Originally published at The Henry Jackson Society
The Kurdistan Freedom Falcons (TAK) issued a threat against Turkey on Tuesday, at the very moment the U.S.-led Coalition was announcing the commencement of the operation to evict the Islamic State (IS) from its Syrian capital, Raqqa, in alliance with the TAK’s mother organization, the Kurdistan Workers’ Party (PKK). This underlines some of the challenges confronting the Coalition as a result of a half-decade of short-sighted counter-terrorism policy in Syria and a regional posture that tilted away from traditional allies.
The full 700-word statement from TAK can be found here; the key parts read:
Those who are as blind as to think they can end a people’s cause for freedom with stale methods are those in political, economic, and military collaboration with the Turkish state. As the Turkish hegemons … with nothing but brute force in their hands show their divide from humanity with their actions, for us they become reasons to fight. All the world should know that the Turkish state is our enemy, which we have sworn to end. The treatment of our people in Kurdistan is our reason for war, revenge and action. … We are warning those who think Turkey is a safe country for investment and tourism: All cities, megapolitan and metropolitan areas, tourist spaces are our war zone and our actions will be more intense than before. The decision for war has been made, an army of sacrifice has been founded.
The PKK has been designated as a terrorist group by most Western states, the European Union, and NATO for the atrocious conduct of its insurgency in the 1980s and 1990s against a brutally repressive de facto military government in the Kurdish areas of Turkey. Since 2003, the PKK has tried to conceal its operations by operating in other countries through various fronts, notably the Democratic Union Party (PYD) in Syria, whose armed wing, the People’s Protection Units (YPG), is the U.S.-led Coalition’s primary ally against IS.
TAK claims to have broken away from the PKK, but this is absurd on its face. The PKK has pursued its own members across half of Europe to murder them for dissenting from the leadership and has never allowed independent Kurdish groups to operate in its areas of influence. The reality is that TAK operates a specialized unit of the PKK to give the PKK deniability for its attacks on urban areas of western Turkey, including suicide bombings against civilians, timed invariably to reduce pressure on the PKK in eastern Turkey or otherwise advance the PKK’s interests.
As Metin Gurcan has explained in detail, that “the TAK is best understood as a semi-autonomous proxy of the PKK that operates at arm’s length …[,] advancing the interests of the PKK without jeopardizing improvements to the PKK’s international reputation since the participation of the YPG (the Syrian branch of the PKK) in fighting the Islamic State in Sinjar, Kobani, and in areas north of Raqqa.”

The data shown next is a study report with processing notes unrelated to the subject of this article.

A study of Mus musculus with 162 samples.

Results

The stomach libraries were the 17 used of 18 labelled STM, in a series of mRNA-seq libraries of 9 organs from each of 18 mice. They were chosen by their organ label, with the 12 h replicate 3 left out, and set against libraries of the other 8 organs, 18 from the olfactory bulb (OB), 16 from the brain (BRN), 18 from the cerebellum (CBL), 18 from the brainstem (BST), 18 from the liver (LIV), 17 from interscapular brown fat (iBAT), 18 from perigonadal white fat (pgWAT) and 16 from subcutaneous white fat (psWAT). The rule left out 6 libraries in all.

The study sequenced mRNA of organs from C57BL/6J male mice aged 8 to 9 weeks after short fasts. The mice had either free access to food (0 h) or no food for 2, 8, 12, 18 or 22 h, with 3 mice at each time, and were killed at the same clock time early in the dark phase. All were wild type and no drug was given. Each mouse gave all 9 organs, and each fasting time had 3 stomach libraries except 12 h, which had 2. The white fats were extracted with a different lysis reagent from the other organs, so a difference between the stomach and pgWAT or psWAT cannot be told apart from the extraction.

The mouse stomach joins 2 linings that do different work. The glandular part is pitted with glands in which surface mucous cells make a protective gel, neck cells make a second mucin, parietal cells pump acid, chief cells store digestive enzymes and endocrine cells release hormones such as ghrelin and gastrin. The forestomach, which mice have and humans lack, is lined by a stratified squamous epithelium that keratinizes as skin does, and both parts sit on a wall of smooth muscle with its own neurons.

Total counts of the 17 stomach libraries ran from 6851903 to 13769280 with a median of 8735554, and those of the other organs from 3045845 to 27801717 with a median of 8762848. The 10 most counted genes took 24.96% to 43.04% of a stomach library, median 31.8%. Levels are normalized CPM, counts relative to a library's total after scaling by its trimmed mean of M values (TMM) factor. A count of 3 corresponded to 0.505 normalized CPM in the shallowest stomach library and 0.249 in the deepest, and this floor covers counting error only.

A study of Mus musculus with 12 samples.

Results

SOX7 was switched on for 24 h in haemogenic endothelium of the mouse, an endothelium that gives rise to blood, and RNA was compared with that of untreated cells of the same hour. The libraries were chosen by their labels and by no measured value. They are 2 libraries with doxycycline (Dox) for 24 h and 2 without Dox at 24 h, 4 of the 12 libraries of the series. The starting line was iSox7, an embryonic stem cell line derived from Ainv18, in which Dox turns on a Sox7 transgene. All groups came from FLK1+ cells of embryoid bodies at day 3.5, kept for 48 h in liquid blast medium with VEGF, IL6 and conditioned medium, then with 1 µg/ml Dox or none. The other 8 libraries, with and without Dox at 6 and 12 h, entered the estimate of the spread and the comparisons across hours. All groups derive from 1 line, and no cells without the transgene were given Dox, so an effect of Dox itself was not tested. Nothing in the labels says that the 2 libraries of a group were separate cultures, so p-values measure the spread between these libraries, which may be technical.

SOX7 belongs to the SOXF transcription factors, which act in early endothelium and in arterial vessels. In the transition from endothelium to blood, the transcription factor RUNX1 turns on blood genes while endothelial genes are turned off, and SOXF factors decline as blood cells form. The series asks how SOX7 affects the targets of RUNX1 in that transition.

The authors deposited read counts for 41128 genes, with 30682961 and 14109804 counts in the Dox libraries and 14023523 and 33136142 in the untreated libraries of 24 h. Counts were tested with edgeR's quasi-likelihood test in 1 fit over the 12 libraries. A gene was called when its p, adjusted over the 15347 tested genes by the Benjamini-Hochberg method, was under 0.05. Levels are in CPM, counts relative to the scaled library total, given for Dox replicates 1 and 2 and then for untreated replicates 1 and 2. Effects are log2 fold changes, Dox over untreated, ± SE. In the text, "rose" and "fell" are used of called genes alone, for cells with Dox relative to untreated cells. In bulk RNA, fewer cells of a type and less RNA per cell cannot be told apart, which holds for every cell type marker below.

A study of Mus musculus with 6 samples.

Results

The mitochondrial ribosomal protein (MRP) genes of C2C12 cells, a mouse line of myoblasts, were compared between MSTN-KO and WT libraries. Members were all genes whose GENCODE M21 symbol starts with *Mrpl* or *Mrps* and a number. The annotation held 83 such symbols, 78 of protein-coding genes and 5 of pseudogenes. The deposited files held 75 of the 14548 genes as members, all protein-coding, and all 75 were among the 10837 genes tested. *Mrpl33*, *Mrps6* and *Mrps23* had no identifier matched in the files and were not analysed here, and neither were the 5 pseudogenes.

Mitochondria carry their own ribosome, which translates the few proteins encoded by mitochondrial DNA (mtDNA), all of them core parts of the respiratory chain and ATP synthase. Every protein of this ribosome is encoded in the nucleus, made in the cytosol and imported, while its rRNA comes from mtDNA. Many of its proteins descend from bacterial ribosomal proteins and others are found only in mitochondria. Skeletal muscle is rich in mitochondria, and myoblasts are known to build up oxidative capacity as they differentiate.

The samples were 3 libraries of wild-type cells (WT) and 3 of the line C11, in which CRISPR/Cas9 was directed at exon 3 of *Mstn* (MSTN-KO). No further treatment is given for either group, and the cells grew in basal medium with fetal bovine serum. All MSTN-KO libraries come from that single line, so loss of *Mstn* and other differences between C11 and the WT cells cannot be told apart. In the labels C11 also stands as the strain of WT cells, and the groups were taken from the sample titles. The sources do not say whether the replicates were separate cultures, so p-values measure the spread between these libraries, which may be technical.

While very little information is available on the exact structure of TAK, Cemil Bayik (Cuma), the co-leader of the Kurdistan Communities Union (KCK), the structure through which the PKK coordinates its transnational operations in Turkey, Syria, Iraq, and Iran, and Duran Kalkan (Selahattin Abbas), a member of the KCK/PKK executive committee, are believed to have had a key role in TAK’s founding. At present, “the PKK supports the TAK ideologically and provides it with personnel, logistics, financing, and overall strategic direction, but PKK leaders only learn about outcomes from TV reports,” Gurcan reports, citing Turkish security officials. A general instruction is given—perhaps by Fehman Husayn (Bahoz Erdal), a KCK executive currently in Syria directing the PYD/YPG project from behind the scenes, and the man believed to oversee the TAK—and the details (how, when, and what to attack) are left to the TAK.
This set-up allows the PKK to have the military benefits of the TAK’s attacks without the public relations cost, and to simultaneously gain politically. The PKK holds itself out as the “moderates” to be dealt with on favourable terms over the long-term, and in the short-term (and in private) it can offer to turn off the TAK’s terrorist attacks in return for concessions.
Husayn is just one link in what Gurcan describes as a “growing military training and logistical support base for the TAK” in Rojava, as the YPG/PKK calls the areas it controls in Syria.
It is a truly bizarre situation the West has gotten itself into, supporting the premier security threat of a NATO ally, an organization on its own terrorism blacklist, while denying that is what is being done—the U.S. insists that the PYD/YPG and PKK are separate organizations—in the hope of defeating the terrorists of IS.
The option of working with Turkey and local Arabs to liberate Raqqa was eschewed; it would have needed more time and that was judged politically unacceptable. The expedient option of the YPG/PKK was chosen. This is likely to prove a grievously mistaken decision that not only sets up a long-term threat to a NATO ally but sacrifices the sustainability of IS’s destruction for the short-term appearance of the jihadists’ defeat. Still, that decision has now been taken, the Raqqa operation is underway, and mitigation is the best that can be done.
It would benefit everyone for the U.S. to make stern representations to the PKK, informing them that support will be withdrawn in Syria if they begin a fresh campaign of terrorism against Turkey through the TAK. If this and other measures toward settling the dispute in eastern Anatolia are taken, perhaps we can avoid the extension of the PKK-Turkey war onto Syrian soil and the creation of conditions that IS and other jihadists can capitalize on.